As an extension of the Kehinde Wiley exhibition, organized at the Fondazione Giorgio Cini during the 59th Venice Biennale, the Musée d’Orsay is displaying three monumental works by the artist within its Nave: a painting, Femme piquée par un serpent (Woman Bitten By A Snake) (Mamadou Gueye), and two recently-completed sculptures (An Archeology of Silence and The Young Tarantine).

These works take an in-depth look into the approach developed through the DOWN series that started in 2008. Initially inspired by Hans Holbein’s famous Le Christ mort au tombeau (The Body of the Dead Christ in the Tomb), as well as historical paintings and sculptures of fallen warriors and figures at rest, Wiley created a disturbing series featuring bodies of color lying on the ground. He thus re-conceptualizes classic pictorial forms in order to create a contemporary version of the monumental portrait that resounds with violence, pain, death and ecstasy.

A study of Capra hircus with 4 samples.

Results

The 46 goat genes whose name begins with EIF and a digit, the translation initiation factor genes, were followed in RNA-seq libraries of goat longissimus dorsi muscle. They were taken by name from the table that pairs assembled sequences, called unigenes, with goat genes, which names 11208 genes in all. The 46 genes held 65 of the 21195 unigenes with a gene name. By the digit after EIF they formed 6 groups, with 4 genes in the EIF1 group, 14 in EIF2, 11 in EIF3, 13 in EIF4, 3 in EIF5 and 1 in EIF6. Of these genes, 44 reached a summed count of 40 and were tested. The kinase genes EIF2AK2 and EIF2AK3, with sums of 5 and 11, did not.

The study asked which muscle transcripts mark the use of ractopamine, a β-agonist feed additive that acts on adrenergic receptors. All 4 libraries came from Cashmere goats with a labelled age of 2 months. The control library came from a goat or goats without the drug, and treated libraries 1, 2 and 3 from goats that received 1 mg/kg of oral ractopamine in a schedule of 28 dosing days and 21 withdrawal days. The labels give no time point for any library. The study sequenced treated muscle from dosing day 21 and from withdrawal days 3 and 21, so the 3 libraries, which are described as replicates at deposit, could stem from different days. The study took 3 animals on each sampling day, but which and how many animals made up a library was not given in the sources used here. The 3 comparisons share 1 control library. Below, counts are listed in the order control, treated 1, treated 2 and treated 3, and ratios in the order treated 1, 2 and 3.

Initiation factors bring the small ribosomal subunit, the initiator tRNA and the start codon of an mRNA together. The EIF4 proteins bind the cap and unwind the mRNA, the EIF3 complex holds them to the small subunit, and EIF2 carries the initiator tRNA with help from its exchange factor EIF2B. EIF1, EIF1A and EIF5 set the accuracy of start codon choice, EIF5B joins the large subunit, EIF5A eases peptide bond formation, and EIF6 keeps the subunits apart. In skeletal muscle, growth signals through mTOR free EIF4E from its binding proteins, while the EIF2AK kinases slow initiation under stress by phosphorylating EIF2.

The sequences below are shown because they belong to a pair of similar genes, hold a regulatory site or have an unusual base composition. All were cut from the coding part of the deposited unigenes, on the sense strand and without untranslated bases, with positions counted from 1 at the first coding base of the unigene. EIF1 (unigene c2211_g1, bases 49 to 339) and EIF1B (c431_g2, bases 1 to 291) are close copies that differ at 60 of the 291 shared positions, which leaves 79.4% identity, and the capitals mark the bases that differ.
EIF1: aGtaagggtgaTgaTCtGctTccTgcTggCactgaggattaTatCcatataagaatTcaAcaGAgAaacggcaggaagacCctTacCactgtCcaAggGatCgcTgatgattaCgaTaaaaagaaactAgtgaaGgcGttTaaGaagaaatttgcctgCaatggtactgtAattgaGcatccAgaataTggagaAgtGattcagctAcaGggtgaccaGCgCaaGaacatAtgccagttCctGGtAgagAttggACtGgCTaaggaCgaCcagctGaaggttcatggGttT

As Christophe Leribault, President of the Musée d’Orsay and the Musée de l’Orangerie, states:

“Whilst playing with the stereotypes of Western painting and sculpture, Kehinde Wiley carries an up-to-date message concerning the violence of contemporary society. I wanted to display these works as an actual strand of those collections at the Musée d’Orsay that have been such an inspiration to him and of which he offers a fascinating rereading.”

Kehinde Wiley (born in Los Angeles in 1977) is a world-renowned visual artist, famous for his dynamic representations of African-Americans and contemporary Afro-diasporic representations that overturn the hierarchies and conventions of the European and American portrait. Working in the mediums of painting, sculpture and video, in his portraits Wiley challenges the narratives of art history, raising complex socio-political issues that have long remained taboo.

In 2018, at the request of Barack Obama, Wiley was the first African-American artist to paint an official portrait of an American president for the Smithsonian National Portrait Gallery.